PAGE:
Comparing ESG Metrics Across Major Indices
Last week, we introduced our new ESG overlay that allows you to see ESG KPIs alongside traditional factor exposures for any given portfolio. We’ve also recently introduced a new Compare feature that allows Omega Point users to compare performance, risk, and exposure between multiple portfolios, ETFs, or securities. Today, we’ll use this tool to analyze ESG characteristics for the S&P 500, NASDAQ, and Russell 3000. We’ll also follow with our weekly market and factor update in a week that ended with a significant escalation of the US - China trade war.
Comparing Major Indices Using Omega Point’s ESG Overlay
As we’ve been digging into ESG trends using KPIs from our data partner OWL Analytics, we’ve heard from investors asking how they can easily screen indices like the S&P 500 across different ESG KPIs. With our new Compare tool, we’ll take a look at ESG metrics across three major US indices. If you missed some of our previous Factor Spotlights, we’ve decomposed performance for the pillars of Environmental, Social, and Governance over the past 5 years and recognized a very positive recent trend for stocks that score well on ESG metrics.
Using the Compare tool is as easy as typing in the tickers or portfolio name that you’d like to see:
As you can see, in the Performance screen you can compare metrics like Sharpe and Max Drawdown for portfolios and indices. For today’s exercise, however, we’ll focus on exposure to ESG KPIs over the past 12 months for these three indices:
We can now cycle through the 12 individual KPIs from OWL’s ESG framework (full hierarchy below) to see how these indices measure up against each other. Below, we’ll highlight one KPI from each category. As a reminder, exposures are displayed as z-scores that essentially rank the raw ESG KPIs across the entire US market. Here’s a quick cheat sheet to help map exposures to percentiles:
Environmental: Pollution Prevention
While all three indices started off strong exposure (80-90th percentile) to Pollution Prevention, there’s been a drop in positive exposure for all three over the past year. The SPY and QQQ’s moved fairly in lock step, while the R3K tracked lower throughout the period.
Social - Employees: Diversity & Rights
In more encouraging news, all three indices increased their exposure to companies that score well on Diversity & Rights over the past year. The QQQ’s started at -0.01 exposure (50th), which rose to 1.16 over the past year (88th) . The same trend occurred for the other two, although the R3K now has the lowest exposure at 1.07 vs. the SPY at 1.32.
Social - Citizens: Human Rights
All three indices started the period with negative exposure to Human Rights (40-48th percentile). Their exposure then moved into positive territory towards the end of 2018, only to have them fall lower then where they started in the beginning of the period. They now sit as follows: QQQ at -0.52 (30th), SPY at -0.44 (33rd), and R3K at -0.39 (35th).
Governance: Management Ethics
In a surprising trend, exposure to companies that score well for Management Ethics fell fairly consistently over the last year. The indices started with SPY at 1.03, QQQ at 0.9, and R3K at 0.85, and ended the period with SPY at 0.33, QQQ at 0.31, and R3K at 0.27.
Compare is a powerful tool that allows you to quickly compare overall trends and exposures (ESG or otherwise) for any portfolio, index, or security in the model. By understanding where certain indices or portfolios have ESG deficiencies, investors can then use this framework to tweak their positions to align their investments with sustainable goals.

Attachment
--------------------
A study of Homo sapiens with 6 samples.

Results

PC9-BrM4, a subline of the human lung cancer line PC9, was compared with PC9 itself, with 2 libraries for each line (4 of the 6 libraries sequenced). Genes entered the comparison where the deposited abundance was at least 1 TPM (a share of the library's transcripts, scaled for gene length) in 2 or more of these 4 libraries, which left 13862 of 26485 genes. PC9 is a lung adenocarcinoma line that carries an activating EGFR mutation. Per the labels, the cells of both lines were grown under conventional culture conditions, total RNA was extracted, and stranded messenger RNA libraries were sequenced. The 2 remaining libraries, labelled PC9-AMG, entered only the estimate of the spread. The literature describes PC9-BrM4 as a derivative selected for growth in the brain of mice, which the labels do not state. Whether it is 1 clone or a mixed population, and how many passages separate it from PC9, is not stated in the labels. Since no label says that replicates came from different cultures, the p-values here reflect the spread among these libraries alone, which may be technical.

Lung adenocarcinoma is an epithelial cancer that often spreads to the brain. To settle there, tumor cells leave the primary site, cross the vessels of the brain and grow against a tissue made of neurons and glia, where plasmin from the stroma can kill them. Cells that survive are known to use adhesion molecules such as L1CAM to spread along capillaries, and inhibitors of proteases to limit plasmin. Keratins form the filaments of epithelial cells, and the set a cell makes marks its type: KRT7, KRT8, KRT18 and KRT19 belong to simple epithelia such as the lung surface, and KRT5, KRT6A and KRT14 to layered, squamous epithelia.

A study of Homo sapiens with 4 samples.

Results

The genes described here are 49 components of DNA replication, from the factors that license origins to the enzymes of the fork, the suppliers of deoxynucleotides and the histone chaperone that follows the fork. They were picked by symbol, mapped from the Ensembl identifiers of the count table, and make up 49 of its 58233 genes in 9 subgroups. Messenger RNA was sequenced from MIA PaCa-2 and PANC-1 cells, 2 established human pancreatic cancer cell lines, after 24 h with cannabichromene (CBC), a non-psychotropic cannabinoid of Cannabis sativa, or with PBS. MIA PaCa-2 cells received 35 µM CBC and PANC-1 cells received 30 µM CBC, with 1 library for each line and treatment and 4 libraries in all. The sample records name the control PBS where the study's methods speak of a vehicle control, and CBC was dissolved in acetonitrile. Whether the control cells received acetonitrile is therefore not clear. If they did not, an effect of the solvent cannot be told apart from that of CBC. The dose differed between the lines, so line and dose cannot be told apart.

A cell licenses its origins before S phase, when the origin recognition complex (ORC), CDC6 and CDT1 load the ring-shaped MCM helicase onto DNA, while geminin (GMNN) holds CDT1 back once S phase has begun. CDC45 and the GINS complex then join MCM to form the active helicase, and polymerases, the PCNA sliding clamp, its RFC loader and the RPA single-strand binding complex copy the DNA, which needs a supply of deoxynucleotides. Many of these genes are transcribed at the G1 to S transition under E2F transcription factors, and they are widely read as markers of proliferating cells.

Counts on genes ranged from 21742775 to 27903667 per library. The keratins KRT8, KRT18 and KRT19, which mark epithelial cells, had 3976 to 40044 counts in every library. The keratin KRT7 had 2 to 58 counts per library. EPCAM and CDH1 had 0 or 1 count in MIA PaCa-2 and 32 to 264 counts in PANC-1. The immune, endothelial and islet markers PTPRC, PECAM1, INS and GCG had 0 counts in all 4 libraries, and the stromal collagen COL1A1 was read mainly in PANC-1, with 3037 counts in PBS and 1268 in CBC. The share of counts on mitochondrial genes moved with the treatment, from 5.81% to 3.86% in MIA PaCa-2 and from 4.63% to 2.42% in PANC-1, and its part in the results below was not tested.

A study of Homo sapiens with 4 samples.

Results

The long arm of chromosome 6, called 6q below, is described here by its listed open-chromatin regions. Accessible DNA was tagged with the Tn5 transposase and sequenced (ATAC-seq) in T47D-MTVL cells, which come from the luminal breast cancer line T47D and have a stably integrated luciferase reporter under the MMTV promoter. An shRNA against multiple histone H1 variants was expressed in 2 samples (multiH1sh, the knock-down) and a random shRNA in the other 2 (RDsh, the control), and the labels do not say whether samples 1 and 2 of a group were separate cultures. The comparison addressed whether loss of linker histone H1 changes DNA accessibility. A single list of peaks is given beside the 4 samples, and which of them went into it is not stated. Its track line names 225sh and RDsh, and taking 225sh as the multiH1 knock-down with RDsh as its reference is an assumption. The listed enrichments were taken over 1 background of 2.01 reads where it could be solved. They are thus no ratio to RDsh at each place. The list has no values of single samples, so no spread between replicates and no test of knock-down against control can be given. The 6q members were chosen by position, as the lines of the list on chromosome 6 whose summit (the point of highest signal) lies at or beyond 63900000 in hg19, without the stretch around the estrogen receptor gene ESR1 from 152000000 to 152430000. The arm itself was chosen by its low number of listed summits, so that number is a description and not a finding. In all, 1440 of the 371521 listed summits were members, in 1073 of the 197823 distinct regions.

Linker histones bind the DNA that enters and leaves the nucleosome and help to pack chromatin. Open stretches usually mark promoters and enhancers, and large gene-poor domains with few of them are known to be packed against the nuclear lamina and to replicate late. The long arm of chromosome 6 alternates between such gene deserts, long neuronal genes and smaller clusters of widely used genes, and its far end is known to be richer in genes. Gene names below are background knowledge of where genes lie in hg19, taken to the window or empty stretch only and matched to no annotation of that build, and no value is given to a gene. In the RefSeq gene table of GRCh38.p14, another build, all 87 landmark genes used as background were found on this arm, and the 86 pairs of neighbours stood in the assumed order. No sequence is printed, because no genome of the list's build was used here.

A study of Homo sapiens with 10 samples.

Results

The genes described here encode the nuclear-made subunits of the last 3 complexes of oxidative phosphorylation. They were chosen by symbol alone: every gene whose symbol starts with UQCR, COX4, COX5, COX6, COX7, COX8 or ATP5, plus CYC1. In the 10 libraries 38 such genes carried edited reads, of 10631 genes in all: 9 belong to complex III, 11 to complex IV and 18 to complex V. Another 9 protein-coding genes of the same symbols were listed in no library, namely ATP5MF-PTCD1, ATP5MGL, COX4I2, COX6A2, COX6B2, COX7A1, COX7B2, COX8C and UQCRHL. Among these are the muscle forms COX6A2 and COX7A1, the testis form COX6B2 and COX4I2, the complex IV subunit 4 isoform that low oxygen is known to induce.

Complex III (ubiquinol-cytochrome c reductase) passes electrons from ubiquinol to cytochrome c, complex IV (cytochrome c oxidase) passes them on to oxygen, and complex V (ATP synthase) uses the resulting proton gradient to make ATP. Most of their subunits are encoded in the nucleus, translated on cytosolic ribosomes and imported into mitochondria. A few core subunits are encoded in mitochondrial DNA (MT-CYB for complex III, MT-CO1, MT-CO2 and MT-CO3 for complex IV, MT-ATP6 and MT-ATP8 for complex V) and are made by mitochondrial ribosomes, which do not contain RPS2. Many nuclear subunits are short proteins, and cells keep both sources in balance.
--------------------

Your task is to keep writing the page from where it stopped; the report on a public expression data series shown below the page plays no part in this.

This Week's Market and Factor Update:
US Market (8/16/19 - 8/22/19)
- The market traded up since last Friday until meeting a buzzsaw on Friday (not captured in above chart), as China announced retaliatory tariff hikes on $75B of US products.
- Trump immediately escalated with a 5% tariff on an additional $550B in Chinese goods and “ordered” US companies to sever ties with China.
- The major indices responded with sharp losses on Friday and their fourth consecutive week of declines, as investor fears that worsening US - China relations will tank global growth continue to be inflamed.
- Fed Chair Powell’s Jackson Hole speech has the market currently baking in a rate cut in September, although more hawkish comments from other Fed officials suggested that it won’t exceed 25 bps.
- The 10Y and 2Y Treasury yield curve continued to trade in and out of reversion over the course of the week.
- Growth was the week’s biggest winner as it vaulted into positive normalized return territory.
- Momentum shed its Oversold designation after hitting a recent trough of -1.39 SD on 8/8.
- Market Sensitivity and Volatility continued to sell off.
- Size continued to get tumble, and is now on the precipice of becoming Extremely Oversold (-2 SD below the mean).
- Earnings Yield also sold off heavily after peaking at +1.48 SD above the mean on 8/5.
- US Total Risk (using the Russell 3000 as proxy) ticked up slightly, although the impact of Friday’s market action hasn’t been taken account here.
- Momentum was again the biggest winner worldwide, now poised to cross into positive normalized territory in the trend continues.
- Value continued its free fall after peaking at +2.06 SD above the mean on 7/25, now sitting deep in Oversold territory.
- Earnings Yield and Profitability both saw sizable negative normalized return, with the former entering Oversold space and the latter sitting at the threshold.
- Market Sensitivity and Volatility continued to sell off, just as we’d seen in the US.
- Global Total Risk (using the ACWI as proxy) remained exactly flat, although we’ll see if that trend holds after the markets were roiled on Friday.